PUBLISHED: 08:30 03 January 2020 | UPDATED: 09:37 03 January 2020

The government has announced new funding for Suffolk and Essex councils to combat rogue landlords  Picture: Getty Images/iStockphoto

The government has announced new funding for Suffolk and Essex councils to combat rogue landlords Picture: Getty Images/iStockphoto

CBCK-Christine

Time could soon be up for criminal landlords after councils in Suffolk and Essex were told they would recieve a share of more than £400,000 of funding to stop them in their tracks.

The funding comes following an announcement from housing secretary Robert Jenrick MP, as the government hopes to fight back against rogue landlords and letting agents abusing tenants.

East Suffolk Council and West Suffolk Council will be dividing a £450,000 share of the £4million national fund alongside Tendring in Essex and six others in Norfolk, Bedfordshire and Hertfordshire.

In Tendring, the money is planned to be used to identify homes in Jaywick Sands which do not meet standards - with the area named the most deprived area in England three times running since 2010.

Elsewhere, East Suffolk Council hopes to implement a new scheme to address poor property standards in homes where the tenant exhibits hoarding and self-neglect behaviour.


In Essex, 1,200 complaints against private landlords were recorded in 2017/18, with only two prosecutions. In Suffolk and Norfolk, only one council enforced powers to fine rogue landlords.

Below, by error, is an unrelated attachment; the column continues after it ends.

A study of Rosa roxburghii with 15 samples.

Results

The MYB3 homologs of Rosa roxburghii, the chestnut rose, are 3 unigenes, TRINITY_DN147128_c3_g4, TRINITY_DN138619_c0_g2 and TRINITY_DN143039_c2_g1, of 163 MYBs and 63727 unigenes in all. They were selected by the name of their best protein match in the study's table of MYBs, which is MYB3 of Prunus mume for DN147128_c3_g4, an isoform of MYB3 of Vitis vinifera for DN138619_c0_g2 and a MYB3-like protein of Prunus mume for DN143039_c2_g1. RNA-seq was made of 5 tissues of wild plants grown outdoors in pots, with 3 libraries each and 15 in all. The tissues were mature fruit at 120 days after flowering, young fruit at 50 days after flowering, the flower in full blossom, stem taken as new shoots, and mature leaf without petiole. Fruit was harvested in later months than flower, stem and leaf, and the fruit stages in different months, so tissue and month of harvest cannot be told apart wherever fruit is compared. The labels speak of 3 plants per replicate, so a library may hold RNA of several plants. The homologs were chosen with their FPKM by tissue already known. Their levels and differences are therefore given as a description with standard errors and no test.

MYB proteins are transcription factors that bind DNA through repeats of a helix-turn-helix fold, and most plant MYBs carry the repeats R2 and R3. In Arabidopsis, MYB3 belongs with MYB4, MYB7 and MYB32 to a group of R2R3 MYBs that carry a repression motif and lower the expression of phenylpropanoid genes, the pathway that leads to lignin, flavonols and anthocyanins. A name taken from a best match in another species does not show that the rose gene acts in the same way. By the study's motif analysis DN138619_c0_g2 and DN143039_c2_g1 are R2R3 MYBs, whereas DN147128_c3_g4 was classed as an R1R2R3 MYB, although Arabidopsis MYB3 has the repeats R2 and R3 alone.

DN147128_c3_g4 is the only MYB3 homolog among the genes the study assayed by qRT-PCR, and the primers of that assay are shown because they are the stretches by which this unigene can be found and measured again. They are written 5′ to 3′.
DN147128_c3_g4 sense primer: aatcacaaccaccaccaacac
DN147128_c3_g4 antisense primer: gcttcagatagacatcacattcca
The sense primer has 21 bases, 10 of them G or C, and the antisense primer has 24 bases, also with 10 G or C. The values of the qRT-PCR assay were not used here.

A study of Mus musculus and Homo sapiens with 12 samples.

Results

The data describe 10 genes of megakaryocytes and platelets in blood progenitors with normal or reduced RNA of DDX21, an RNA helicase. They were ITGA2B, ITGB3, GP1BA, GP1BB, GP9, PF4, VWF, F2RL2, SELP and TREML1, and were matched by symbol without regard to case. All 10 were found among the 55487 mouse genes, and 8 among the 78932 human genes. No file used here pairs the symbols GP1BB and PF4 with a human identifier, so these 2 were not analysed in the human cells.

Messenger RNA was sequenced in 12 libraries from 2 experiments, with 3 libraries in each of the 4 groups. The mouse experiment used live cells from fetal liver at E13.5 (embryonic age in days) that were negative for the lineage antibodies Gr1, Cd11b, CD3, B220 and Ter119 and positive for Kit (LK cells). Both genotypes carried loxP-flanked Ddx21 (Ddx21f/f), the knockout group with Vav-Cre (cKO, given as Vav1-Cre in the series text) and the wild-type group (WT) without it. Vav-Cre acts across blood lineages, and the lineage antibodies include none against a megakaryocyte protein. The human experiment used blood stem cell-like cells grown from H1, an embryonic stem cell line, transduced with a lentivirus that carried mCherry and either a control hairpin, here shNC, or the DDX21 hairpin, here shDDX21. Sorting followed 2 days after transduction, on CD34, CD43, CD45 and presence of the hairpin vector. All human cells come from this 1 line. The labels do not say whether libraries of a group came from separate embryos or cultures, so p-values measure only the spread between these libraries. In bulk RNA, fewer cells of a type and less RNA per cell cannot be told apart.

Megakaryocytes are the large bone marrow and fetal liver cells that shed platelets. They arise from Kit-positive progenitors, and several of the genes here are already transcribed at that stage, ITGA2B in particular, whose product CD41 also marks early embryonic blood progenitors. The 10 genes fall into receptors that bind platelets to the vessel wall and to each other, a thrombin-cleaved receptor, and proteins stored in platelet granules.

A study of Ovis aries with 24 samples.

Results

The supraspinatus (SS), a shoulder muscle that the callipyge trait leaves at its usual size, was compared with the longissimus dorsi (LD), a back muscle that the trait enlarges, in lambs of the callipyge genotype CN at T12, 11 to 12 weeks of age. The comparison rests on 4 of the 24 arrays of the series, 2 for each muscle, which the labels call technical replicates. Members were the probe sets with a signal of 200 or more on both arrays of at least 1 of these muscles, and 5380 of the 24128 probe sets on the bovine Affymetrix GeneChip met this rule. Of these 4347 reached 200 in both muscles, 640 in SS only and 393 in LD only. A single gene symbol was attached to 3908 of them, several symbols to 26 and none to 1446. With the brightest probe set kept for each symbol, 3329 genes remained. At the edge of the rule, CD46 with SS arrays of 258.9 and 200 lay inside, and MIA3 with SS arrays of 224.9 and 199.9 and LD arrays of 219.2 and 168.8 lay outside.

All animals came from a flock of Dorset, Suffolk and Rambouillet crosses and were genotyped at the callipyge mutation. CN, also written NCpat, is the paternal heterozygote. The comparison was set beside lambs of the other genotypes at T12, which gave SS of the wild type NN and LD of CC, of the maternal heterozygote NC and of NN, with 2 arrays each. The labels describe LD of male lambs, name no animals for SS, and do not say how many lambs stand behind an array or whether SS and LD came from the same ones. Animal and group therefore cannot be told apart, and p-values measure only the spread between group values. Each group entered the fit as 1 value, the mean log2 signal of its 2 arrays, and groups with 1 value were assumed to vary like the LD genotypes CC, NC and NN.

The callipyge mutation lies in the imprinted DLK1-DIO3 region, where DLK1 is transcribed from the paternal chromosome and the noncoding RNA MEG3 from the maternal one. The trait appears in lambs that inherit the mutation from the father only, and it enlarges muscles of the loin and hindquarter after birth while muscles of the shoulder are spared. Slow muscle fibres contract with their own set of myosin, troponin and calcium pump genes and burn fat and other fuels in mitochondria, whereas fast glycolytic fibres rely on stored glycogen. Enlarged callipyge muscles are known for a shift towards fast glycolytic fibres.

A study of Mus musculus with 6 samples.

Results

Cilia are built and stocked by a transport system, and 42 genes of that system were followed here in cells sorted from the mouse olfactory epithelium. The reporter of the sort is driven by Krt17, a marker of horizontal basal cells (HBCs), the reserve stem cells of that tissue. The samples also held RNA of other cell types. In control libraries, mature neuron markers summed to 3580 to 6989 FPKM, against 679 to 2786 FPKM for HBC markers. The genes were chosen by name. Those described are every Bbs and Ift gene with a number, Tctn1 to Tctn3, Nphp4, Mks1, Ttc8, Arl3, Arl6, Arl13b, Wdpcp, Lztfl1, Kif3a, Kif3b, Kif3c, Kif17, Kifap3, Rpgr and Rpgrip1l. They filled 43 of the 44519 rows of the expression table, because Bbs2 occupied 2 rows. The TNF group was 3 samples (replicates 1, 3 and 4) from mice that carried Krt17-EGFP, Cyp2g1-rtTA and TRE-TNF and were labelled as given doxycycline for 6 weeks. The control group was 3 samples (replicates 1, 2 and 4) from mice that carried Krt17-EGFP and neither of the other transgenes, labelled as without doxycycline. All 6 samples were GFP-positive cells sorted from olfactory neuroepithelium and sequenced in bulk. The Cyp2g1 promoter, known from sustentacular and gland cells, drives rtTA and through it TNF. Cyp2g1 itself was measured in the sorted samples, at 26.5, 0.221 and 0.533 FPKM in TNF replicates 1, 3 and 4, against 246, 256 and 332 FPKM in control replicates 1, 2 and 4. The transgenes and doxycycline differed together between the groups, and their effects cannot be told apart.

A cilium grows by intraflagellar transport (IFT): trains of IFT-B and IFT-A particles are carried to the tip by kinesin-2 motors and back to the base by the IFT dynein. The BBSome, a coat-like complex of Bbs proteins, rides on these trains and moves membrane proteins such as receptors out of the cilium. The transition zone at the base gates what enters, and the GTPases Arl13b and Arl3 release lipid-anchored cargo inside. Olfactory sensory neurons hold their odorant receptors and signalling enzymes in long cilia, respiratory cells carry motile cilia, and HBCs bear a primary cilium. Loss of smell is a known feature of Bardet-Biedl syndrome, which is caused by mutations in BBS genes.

Mr Jenrick MP said the announcement will help hard-working tenants "get on with their lives".

He added: "Everyone deserves to live in a home that is safe and secure and the funding announced today for the east of England will strengthen councils' powers to crack down on poor landlords and drive up standards in the private rented sector for renters across the country."

The government has also said it is committed to ending "no-fault evictions" and will introduce lifetime rental deposits so renters no longer need to save up for a new deposit while their money is tied up in an old one.

Labour has hit out against the announcement however, with shadow housing secretary John Healey labelling the fund "a drop in the ocean" compared to council cuts since 2010.

According to government statistics, 82% of the 4.5million private rented households in England are satisfied with their accommodation.